I think its fair to say that the third full length release from Will Varley, his first on Xtra Mile Recordings, comes with considerable expectations following rave reviews of his previous work and a touring schedule which includes a support slot with Frank Turner.
Varley is a storyteller; an artist with a message, and the album title along with its artwork gives us a clear indication of where he’s going with this one. Postcards From Ursa Minor, a reference to making contact with outer space, braces us for a philosophically profound journey.
We are greeted however with an opening tale of scrubbing decks, lighting fires and drinking beer. ‘As For My Soul’ sounds like the soundtrack to a crew of pirates hoisting the masts as they prepare to sail to sea. “Light a fire! Drink a beer! Sing a song!” Varley chants, backed by the distinctive vocals of Frank Turner, who makes regular appearances throughout, and gravelly tone of label-mate Beans On Toast. It is a style that suits him so well it leaves you wondering why you haven’t heard it before.
It doesn’t take long for Varley’s more sincere side to come through and the albums second track, ‘The Man Who Fell To Earth’, is probably it’s best. The song tells the story of Jose Matata, an African immigrant, who’s body was found in London after falling from an airplane in 2009 while trying to gain entry to the UK. The tracks opening seconds are gripping. Slowly picking at guitar strings and heartstrings in sync, Varley’s incredible vocals and a Piano’s subtle presence make this one of the best examples of his songwriting to date.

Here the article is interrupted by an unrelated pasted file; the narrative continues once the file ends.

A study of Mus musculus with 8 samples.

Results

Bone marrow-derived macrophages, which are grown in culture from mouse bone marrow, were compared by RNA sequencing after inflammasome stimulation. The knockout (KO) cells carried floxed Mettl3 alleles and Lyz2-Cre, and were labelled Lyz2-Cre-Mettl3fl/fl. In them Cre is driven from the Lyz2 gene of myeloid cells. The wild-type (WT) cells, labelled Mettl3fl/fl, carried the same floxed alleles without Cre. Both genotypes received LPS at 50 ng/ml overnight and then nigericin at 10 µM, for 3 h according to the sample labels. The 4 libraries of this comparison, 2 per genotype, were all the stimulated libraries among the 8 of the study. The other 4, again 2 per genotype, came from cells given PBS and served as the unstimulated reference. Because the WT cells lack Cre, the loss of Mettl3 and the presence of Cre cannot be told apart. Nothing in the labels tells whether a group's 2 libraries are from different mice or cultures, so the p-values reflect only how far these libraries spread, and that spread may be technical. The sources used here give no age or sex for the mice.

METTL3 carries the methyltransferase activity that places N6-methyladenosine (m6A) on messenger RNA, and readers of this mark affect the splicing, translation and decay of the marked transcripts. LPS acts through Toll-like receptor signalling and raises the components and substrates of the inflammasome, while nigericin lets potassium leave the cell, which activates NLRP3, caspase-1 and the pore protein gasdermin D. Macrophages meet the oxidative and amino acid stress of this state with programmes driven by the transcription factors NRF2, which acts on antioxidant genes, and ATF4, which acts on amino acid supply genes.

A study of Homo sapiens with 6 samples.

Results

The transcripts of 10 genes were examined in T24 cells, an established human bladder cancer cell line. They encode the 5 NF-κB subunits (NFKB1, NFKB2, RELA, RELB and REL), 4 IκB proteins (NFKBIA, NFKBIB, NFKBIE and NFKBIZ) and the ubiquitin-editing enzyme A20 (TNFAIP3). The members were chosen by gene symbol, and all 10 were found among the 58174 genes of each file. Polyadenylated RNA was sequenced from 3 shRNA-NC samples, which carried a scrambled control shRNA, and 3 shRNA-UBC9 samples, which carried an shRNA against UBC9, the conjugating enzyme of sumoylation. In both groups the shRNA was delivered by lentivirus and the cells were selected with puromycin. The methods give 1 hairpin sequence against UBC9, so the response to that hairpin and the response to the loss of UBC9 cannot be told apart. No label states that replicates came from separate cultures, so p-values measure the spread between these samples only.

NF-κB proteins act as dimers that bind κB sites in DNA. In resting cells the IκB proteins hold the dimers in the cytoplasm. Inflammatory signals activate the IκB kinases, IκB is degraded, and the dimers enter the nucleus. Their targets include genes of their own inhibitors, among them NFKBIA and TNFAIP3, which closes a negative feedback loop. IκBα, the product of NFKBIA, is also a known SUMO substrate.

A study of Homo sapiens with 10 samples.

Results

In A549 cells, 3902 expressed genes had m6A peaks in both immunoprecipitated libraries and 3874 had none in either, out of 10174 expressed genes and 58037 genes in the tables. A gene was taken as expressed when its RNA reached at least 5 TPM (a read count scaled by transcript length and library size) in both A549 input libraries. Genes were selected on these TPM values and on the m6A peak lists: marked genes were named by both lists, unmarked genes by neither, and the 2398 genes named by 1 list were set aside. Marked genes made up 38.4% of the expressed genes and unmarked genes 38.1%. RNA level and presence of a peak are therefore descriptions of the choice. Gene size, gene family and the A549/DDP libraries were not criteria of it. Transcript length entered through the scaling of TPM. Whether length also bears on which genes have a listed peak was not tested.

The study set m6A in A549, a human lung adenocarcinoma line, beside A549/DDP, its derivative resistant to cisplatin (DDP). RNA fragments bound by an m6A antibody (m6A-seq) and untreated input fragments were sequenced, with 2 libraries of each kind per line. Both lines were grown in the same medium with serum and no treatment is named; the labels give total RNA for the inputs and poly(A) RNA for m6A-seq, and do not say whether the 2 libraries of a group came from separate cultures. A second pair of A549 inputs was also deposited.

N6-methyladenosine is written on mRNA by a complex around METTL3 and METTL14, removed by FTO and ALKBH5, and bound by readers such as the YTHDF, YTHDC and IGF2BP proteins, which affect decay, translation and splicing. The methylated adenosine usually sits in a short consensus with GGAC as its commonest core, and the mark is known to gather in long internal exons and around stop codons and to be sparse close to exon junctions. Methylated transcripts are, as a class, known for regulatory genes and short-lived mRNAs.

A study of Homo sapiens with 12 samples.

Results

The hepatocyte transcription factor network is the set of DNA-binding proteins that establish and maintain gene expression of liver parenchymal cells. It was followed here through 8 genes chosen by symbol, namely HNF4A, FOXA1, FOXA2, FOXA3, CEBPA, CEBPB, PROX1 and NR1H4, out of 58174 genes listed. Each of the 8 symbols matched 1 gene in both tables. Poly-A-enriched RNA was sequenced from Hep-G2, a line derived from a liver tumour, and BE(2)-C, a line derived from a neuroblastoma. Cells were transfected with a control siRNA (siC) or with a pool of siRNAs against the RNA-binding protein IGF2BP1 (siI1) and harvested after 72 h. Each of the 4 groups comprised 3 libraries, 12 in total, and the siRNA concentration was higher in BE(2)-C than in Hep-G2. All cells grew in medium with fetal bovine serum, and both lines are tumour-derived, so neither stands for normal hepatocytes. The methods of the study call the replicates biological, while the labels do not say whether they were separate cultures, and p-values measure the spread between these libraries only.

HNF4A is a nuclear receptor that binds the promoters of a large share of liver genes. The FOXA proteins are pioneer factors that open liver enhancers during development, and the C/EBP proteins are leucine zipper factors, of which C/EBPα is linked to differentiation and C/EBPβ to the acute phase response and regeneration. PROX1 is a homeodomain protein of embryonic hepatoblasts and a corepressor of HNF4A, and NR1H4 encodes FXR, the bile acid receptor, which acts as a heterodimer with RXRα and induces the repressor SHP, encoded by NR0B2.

Intricate finger picking patterns and compassionate storytelling continue throughout the record with ‘Love From Halcyon’ and ‘Outside over There’, a tale of a young girl battling through a life plagued by Warfare.
The record has a heavier focus on relationships, a subject seemingly not favoured by Varely in the past, in the form of ‘This House’ and ‘Dark Days Away’. The pop melody of ‘Seize the Night’, as the title would suggest, produces the most positive sounding track on the album.
In ‘Talking Cat Blues’, Varley displays his ability to switch between compassion and satire using his wit and dry tone. Rambling humorously about the modern worlds worryingly poor use of the Internet and obsession with videos of our pets abnormal behavior. As we picture one of our four legged friends playing a guitar, smoking a cigar and singing Kanye West songs, we get a sense of the comedy Varley offers at his live shows. Should the subject be of Cowboys and not Felines however, this song would not sound out of place on a Johnny Cash record.
“Maybe I got older, and maybe I can’t see, or maybe I just realised that I want to be free”, Varley gently strums away while reflecting without regret on a life path diverting from romance, in ‘Send My Love to the System’.
‘Concept of Freedom’ is the records strongest representation of Varley’s renowned Political influence, whilst ‘Is Anyone out There?’ epitomizes the overall theme of the record. A call for help, in the form of a postcard from a foreign constellation, to give us hope of repairing a world too damaged to be saved by it’s currant occupiers.
Catchy chorus’, beautiful harmonies and thought provoking lyrics are things Will Varley sounds like he does in his sleep. This album is certainly an evolution from its preceding efforts, and a formula that worked so well on ‘As the Crow Flies’ and particularly ‘Advert Soundtracks’, has produced another flawless record.